Veterans honored at service


“A lot of memories, good and bad, flood through your mind,” said Ray Howell, an Army veteran who fought in the Korean War between 1951 and 1953, after the ceremony.

But war is no longer simply a memory, and the haunting images are no longer of battlefields an ocean away.

With the United States embarking upon a war unlike any other in its history, the celebration of Veterans Day assumed a deeper level of meaning among the more than 100 Floral Park residents who gathered around the town war memorial Sunday at 11 a.m.

“We already lost 5,000 in one day,” Howell said of the terrorist attack on the World Trade Center. “It’s incredible that this can happen 30 miles from your home lawn.”

American Legion Post #334 in Floral Park has commemorated Veterans Day since 1920, back when it was known as Armistice Day and marked the conclusion of World War I, at the 11th hour of the 11th day of the 11th month in 1918.

“Memorial Day is for those who have given their lives, today is for those who have served,” said legion member James Conti, who served between 1964 and 1966 during the Berlin Wall crisis.

Reading aloud from an old newspaper clipping during the brief ceremony, Commander William Corbett reminded those assembled of how powerful an impact veterans’ sacrifices had made on their lives.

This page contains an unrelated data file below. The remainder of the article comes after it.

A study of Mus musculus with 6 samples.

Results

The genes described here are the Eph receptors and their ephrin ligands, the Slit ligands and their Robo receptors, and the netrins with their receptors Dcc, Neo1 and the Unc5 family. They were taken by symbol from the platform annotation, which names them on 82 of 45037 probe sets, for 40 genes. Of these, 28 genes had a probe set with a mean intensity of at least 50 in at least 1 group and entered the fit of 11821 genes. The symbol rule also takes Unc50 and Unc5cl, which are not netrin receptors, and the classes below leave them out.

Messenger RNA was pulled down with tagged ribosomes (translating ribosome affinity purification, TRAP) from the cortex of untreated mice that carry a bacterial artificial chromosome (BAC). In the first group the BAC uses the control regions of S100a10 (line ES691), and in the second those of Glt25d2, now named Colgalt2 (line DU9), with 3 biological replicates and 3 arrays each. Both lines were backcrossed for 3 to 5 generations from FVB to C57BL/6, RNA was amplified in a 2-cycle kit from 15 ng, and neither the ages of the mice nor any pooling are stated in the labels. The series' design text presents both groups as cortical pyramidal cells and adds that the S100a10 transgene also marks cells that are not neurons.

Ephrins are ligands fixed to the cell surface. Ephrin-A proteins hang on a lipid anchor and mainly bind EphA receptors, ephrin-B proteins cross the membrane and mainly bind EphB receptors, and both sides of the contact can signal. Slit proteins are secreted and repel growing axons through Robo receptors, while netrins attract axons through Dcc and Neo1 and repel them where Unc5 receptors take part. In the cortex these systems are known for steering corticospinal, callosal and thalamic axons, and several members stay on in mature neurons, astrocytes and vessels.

“It is the veteran, not the poet, who has given us freedom of speech,” he said. “It is the veteran, not the campus organizer, who has given us the freedom to demonstrate.”

In addition to recognizing veterans for their contributions to free society, Corbett also tapped their collective memories to offer reassurances that the nation would again rise above the challenge of war.

“The important thing to remember is that as a great nation, we came through sneak attacks, depressions, assassinations and disasters,” Corbett said in his closing statement. “We will come through this one as a nation — stronger and more united.”

Floral Park mayor Ann Corbett, who is also president of the American Legion Auxiliary and William Corbett’s wife, said the veterans were providing much-needed support within the community.

“People are concerned about the future,” she said at a hot-dog party following the ceremony. “They look to the vets — there’s a symbol in them.”

Ann Corbett said an unusual swell of patriotism, coupled with a newfound respect for uniformed servicemen, has brought the Floral Park community much closer together since Sept. 11.

Although some of the veterans were so impassioned about the current conflict they wanted to return to the armed forces, they said their younger counterparts are proving themselves up to the task.

“The younger generation is starting to get involved for the first time,” said Richard Mooney, a Vietnam War veteran with the Marines.

For Max Miner, 8, who enjoyed refreshments in the basement of the Legion Hall with his friend John Corradi, the outcome of the war in Afghanistan is a foregone conclusion.

“I think that we’re gonna win it easily because the whole world is helping us,” he said.

Reach reporter Dustin Brown by e-mail at or call 229-0300, Ext. 154.